Martin S. Feldstein ’61, Baker professor of economics and one-time top White House economic adviser, criticized America’s “strong dollar” policy at a convention of macroeconomic and financial experts last weekend.
“We clearly need a more competitive dollar,” he said, according to reports of his remarks. “The dollar is still very high—too high to be sustained.”
In a sit-down interview yesterday, Feldstein cautioned that the dollar’s strength, along with the low U.S. savings rate, could lead to a “weakening of the U.S. economy.”
“The dollar is overvalued and our savings rate has collapsed,” Feldstein said.
Cabot Professor of Public Policy and Professor of Economics Kenneth S. Rogoff—who also sat on last weekend’s panel, convened by the American Economic Association—said that he largely supported the views voiced by his Harvard colleague.
Rogoff wrote in an e-mail after the conference that the U.S. current account, or the net flow of transactions between the U.S. and other countries, is “unsustainable.”
He estimated for The Wall Street Journal earlier this week that the dollar must fall another 20 percent, and that the odds are only increasing that an unexpected blow to the U.S. economy, like a terrorist attack or a collapse of the housing market, could prompt a financial crash.
“So far we’ve just seen a small ripple in the dollar and not the big tsunami that could hit someday,” he told the Journal. “That’s still a significant risk.”
The dollar fell only moderately last year—2 percent on average, according to media reports.
Feldstein, who is also president of the National Bureau of Economic Research, said in yesterday’s interview that devaluing the dollar would help shrink the U.S. trade deficit and stabilize global markets by encouraging foreigners to buy more U.S. goods. Americans, on the other hand, will buy more domestic products, as imports will become more expensive.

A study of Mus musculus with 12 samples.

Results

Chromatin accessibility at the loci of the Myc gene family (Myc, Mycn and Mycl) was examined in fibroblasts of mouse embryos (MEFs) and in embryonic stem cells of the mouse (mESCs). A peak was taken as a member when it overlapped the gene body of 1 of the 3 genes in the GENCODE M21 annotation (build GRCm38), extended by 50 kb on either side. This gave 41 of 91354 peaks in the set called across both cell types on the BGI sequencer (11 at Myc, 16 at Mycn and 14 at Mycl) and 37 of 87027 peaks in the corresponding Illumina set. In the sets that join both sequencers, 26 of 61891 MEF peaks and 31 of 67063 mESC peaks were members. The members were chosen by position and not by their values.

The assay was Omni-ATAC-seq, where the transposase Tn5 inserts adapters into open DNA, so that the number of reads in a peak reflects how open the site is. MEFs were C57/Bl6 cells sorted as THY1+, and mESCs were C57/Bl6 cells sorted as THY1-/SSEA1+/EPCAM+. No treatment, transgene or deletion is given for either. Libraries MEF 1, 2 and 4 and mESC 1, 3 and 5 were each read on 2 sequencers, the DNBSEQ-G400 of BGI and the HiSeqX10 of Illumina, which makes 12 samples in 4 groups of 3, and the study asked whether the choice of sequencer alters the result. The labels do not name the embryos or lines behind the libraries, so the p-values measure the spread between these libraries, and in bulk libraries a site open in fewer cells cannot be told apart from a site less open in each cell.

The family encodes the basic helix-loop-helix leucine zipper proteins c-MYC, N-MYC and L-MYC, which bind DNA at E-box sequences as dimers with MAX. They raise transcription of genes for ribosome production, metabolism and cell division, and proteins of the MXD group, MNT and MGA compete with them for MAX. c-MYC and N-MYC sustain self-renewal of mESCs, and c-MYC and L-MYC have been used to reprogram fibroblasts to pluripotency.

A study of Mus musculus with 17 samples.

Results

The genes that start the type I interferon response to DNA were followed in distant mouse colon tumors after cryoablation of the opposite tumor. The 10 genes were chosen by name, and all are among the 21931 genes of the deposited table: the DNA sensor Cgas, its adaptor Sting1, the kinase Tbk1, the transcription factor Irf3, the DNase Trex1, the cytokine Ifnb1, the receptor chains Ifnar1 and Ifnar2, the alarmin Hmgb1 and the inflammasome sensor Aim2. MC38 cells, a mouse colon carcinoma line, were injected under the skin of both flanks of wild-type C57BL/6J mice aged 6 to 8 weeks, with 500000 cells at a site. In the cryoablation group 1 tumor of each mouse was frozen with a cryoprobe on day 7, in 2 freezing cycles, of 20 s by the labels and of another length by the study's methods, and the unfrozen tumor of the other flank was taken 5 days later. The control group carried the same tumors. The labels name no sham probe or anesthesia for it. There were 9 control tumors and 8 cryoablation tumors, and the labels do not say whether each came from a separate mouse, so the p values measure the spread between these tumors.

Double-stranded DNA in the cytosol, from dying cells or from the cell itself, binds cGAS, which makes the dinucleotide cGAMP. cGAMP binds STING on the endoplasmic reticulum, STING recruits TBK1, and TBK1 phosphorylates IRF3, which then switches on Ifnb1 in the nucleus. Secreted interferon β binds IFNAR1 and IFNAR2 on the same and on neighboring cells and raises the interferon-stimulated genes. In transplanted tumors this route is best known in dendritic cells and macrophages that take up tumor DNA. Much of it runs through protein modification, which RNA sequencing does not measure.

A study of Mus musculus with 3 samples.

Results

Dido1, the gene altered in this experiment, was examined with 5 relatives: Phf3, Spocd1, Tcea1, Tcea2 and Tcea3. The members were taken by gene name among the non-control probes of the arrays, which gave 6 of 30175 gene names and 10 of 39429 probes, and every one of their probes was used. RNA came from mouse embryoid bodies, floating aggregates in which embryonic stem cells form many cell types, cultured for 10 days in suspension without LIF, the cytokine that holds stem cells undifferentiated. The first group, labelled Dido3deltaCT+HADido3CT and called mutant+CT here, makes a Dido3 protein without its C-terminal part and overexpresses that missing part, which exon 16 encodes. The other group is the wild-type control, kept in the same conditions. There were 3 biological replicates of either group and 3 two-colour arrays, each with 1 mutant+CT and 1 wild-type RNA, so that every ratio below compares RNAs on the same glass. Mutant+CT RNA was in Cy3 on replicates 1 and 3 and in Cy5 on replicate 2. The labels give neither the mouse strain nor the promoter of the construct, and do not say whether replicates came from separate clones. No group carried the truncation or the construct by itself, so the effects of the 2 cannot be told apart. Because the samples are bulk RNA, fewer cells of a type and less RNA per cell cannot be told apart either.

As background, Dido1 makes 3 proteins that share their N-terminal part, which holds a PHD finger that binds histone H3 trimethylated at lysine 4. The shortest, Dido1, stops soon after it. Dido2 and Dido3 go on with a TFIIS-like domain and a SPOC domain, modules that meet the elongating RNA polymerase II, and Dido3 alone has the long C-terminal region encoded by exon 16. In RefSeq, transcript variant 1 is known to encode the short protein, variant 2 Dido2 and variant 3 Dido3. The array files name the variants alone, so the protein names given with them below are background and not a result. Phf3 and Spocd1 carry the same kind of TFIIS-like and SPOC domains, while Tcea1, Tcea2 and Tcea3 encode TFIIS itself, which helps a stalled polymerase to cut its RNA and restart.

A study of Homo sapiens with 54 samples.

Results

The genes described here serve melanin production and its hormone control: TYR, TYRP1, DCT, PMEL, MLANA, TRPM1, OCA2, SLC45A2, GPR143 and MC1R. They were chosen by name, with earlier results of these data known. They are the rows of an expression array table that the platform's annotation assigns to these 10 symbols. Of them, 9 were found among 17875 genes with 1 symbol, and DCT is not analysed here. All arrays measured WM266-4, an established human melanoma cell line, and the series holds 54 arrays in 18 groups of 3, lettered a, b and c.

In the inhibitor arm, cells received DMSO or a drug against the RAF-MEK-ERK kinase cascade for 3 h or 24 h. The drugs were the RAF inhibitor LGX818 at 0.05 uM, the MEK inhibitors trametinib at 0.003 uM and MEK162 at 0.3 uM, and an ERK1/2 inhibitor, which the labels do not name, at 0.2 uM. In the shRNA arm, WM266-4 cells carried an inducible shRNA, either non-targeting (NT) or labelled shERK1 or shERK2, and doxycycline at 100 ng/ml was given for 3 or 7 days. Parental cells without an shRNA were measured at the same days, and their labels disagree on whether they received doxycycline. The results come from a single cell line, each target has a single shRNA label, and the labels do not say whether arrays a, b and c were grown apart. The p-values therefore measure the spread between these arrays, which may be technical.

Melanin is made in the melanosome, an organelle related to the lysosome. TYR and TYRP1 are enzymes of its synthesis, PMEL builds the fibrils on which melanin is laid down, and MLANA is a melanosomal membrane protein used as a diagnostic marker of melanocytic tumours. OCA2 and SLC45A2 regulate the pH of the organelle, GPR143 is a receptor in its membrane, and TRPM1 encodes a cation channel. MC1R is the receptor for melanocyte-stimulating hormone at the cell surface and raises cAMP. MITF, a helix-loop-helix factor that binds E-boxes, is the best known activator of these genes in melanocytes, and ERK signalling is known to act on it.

Feldstein called the U.S. trade deficit “enormous,” but said he believes that the savings rate will rise.
A U.N. economic report released on Wednesday warned that as the U.S. trade and budget deficits continue to widen, “confidence in the dollar as the world’s main reserve currency could erode rapidly.”
Gernot Doppelhofer, a university lecturer and fellow of Trinity College at the University of Cambridge, wrote in an e-mail that he believes that the current account will eventually adjust.
“Differences in productivity growth affect the real exchange rate in the long run,” he wrote.
To respond to the growing deficits, President Bush’s administration should curtail discretionary spending, he added.
Feldstein said he did not believe the dollar needed to fall immediately.
“If the savings rate doesn’t change, then depreciation won’t help,” he explained.
In his e-mail, Rogoff also highlighted China’s role in dollar politics.
“China is making a historic mistake in not allowing more flexibility against the dollar,” he wrote.